Smaller schools shouldn't target international students

They serve should serve niche domestic markets

Often times, so much of our attention into post-secondary issues is focused on the large research-intensive schools that it’s easy to forget there’s a whole other world out there of mid-level universities, focusing on the undergraduate level, where changes in policy affect just as many students. Which is why a little nugget from Thompson Rivers University (TRU) caught my eye.

“I would like to see an improvement on the domestic side in the next few years,” said Ulrich Scheck, Provost and VP Academic, to Kamloops this Week. The numbers bear out that TRU has seen international enrolment rise 15 per cent in the last year, while domestic numbers have slightly dropped. These changes make sense from a pure market perspective—TRU became a full university in 2005, and is undoubtedly more attractive to international students than before. And at the same time, the fees for internationals ($450 per credit, as opposed to $121.15 for domestics) makes it attractive for the university, even discounting the built-in subsidies received by TRU for domestic students.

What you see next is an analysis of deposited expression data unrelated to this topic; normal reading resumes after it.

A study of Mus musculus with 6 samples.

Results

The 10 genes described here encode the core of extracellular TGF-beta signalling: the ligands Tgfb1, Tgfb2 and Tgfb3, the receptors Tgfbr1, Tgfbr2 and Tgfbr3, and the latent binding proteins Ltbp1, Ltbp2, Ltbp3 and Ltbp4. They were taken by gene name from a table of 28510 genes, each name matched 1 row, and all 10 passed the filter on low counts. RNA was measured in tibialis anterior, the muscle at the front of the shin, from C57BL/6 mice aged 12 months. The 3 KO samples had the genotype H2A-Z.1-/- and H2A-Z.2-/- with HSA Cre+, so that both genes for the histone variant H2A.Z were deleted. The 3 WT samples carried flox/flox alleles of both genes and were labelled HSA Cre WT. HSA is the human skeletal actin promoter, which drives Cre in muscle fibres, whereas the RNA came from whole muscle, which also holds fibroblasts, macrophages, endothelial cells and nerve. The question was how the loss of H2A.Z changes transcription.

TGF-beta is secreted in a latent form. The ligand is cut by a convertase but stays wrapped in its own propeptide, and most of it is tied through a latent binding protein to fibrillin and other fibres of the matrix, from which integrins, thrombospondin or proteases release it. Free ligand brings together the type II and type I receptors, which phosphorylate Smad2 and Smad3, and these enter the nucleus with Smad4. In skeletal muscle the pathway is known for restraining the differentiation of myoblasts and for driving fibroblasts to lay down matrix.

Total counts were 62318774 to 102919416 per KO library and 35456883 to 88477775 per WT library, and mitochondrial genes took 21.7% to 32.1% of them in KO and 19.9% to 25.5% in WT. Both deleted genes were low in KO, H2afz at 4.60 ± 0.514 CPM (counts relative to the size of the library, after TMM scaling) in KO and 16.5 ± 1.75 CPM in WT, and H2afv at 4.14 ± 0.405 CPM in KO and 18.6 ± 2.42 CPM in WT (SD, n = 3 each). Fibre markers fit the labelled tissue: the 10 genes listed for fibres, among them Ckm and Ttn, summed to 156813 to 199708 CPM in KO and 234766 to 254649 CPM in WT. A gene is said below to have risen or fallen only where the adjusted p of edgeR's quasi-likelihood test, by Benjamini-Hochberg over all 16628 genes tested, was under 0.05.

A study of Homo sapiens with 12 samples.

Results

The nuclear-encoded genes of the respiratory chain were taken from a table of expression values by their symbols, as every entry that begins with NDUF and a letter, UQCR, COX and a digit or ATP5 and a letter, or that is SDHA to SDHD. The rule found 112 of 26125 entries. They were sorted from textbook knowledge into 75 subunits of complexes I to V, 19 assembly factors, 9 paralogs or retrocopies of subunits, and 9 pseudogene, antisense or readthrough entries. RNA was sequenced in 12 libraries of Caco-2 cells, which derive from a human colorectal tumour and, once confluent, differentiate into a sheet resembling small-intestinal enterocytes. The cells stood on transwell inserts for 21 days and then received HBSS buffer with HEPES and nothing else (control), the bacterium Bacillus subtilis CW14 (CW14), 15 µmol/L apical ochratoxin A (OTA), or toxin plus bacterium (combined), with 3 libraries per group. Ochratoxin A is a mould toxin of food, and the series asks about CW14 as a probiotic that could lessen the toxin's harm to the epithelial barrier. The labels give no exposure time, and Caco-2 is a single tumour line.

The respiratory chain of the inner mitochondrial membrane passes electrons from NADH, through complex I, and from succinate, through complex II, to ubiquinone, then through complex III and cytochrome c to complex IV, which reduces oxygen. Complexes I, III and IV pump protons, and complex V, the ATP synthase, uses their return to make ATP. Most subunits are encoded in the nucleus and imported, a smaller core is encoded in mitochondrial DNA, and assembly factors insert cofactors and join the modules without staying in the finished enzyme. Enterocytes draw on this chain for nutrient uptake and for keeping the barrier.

But does it make sense? UBC is a giant school, a key economic driver for all of British Columbia, and has spent 20 years building connections throughout Asia to ensure bright international students come to Canada. Increasing international seats while keeping domestic enrollment static make sense. TRU, on the other hand, serves Kamloops, the fifth largest city—in British Columbia. It simply serves a different niche than UBC, and just because it’s called a university doesn’t mean it should be pursuing the same strategies.

This isn’t to say that international students shouldn’t be welcome at smaller schools. But a heavy push for them only really makes sense in the context of a globally competitive university—your Waterloos, Toronto, et al.